Defendant Jeffrey L. Patton bristled at the thought of being convicted of two separate crimes Monday.
"I don't want to admit guilt, but I'm doing it because it's in my best interest," he said.
Patton said he's "supposed to be some kind of tough guy," but he feared the day he would be sentenced or facing a jury. His Huron County Common Pleas Court trial was scheduled to start today.
"I've been scared to death of this day right here," Patton said Monday.
After the judge and his attorney talked to the 43-year-old Willard man at length, he pleaded guilty to unrelated charges of burglary and tampering with evidence. Judge Jim Conway followed a joint recommendation and sentenced Patton to four years in prison. He will be on three years of parole.
The March 11, 2013 burglary happened at a woman's Holiday Lakes residence outside of Willard when the woman was sleeping. The tampering conviction is for a Nov. 6 traffic stop when Patton was the backseat passenger in his sister's vehicle.
Huron County Assistant Prosecutor Richard Woodruff said Patton and his co-defendant, Robert L. Hamman, 45, of Willard, trespassed on the burglary victim's property and she woke up to find the men "next to her bed" rifling through a drawer containing jewelry.
"She yelled at them and they fled," Woodruff added.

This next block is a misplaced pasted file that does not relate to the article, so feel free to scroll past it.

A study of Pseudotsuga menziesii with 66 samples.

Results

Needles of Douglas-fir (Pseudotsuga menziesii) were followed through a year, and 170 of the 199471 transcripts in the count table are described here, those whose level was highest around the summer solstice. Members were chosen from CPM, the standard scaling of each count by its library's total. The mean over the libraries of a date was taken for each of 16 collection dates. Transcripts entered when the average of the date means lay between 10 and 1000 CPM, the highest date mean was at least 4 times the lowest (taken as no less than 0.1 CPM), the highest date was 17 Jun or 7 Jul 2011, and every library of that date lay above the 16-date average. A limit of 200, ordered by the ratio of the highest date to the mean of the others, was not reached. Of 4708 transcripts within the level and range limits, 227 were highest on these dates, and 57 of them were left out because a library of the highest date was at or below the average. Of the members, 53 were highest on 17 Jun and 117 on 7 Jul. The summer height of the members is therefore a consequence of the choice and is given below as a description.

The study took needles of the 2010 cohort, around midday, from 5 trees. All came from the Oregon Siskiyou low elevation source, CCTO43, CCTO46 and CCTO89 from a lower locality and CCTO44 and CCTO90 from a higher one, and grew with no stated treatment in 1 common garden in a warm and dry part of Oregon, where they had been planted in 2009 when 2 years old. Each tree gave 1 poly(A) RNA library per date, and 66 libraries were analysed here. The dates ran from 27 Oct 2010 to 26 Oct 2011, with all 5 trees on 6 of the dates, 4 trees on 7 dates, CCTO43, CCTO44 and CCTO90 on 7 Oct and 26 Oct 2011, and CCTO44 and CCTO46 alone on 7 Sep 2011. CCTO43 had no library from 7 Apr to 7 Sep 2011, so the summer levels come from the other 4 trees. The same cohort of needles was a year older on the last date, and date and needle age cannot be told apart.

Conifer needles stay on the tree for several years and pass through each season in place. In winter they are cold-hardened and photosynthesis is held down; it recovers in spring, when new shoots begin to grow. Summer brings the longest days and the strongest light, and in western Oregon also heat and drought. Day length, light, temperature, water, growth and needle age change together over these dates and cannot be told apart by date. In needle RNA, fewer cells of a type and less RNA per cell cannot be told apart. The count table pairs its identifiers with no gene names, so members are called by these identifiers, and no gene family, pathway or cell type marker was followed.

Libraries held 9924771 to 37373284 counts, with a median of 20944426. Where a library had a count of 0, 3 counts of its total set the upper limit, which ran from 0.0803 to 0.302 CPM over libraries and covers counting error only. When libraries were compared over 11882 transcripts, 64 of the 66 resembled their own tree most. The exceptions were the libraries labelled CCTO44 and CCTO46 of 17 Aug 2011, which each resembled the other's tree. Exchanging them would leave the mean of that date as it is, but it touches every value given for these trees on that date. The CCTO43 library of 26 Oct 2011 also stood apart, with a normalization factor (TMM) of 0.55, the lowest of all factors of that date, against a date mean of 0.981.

Patton initially denied being involved in either crime.
"I never burglarized a home in my life," he said.
The defendant, in a long, meandering off-the-cuff statement to the court, said Hamman wasn't the best person to hang out with after he had been released from prison. However, Patton said he got sentimental about hanging out with a childhood friend -- "and I use that term loosely" -- who had been eager to see him while he was behind bars.
"I can't get the stink of prison off me," said Patton, who added he can't find a decent job, isn't allowed to go to various places and can't date a nice woman once he's out of prison.
Huron County Public Defender David Longo, after speaking to Patton, during a lengthy recess Monday, said he doesn't believe his client was the primary offender.
"He maintains this (burglary) wasn't his idea. He wasn't the main offender," the public defender said. "It was a scared off-and-ran situation."
After the burglary, Patton and Hamman fled to Macomb County, Mich., which is north of Detroit. Authorities had a hotel surrounded -- with two local detectives and 17 Macomb County sheriff's deputies -- but the pair fled through an emergency exit before the perimeter was secure. Two Huron County sheriff's detectives arrested the defendants March 14, 2013 with the help of Macomb County officers.
In September, Patton's accomplice was sentenced to five years in prison for the Willard-area burglary.
Patton seemed offended at the prosecutor's assertion he hid a syringe between the cushions in the back seat of his sister's vehicle. Woodruff had said a DNA test determined the defendant's DNA was on the drug paraphernalia.
"I don't tamper with evidence," said Patton, calling it a "strong-arm tactic" to get him off the street.
The defendant posted a $60,000 bond Aug. 26 and was released from the Huron County Jail. On Nov. 12, Conway revoked Patton's bail.
Patton said he knows he "dragged out" both cases, but admitted he did so because his attorneys told him he had a chance to win. The public defender was assigned to represent Patton after he wouldn't cooperate with defense attorney Tom Nicholson.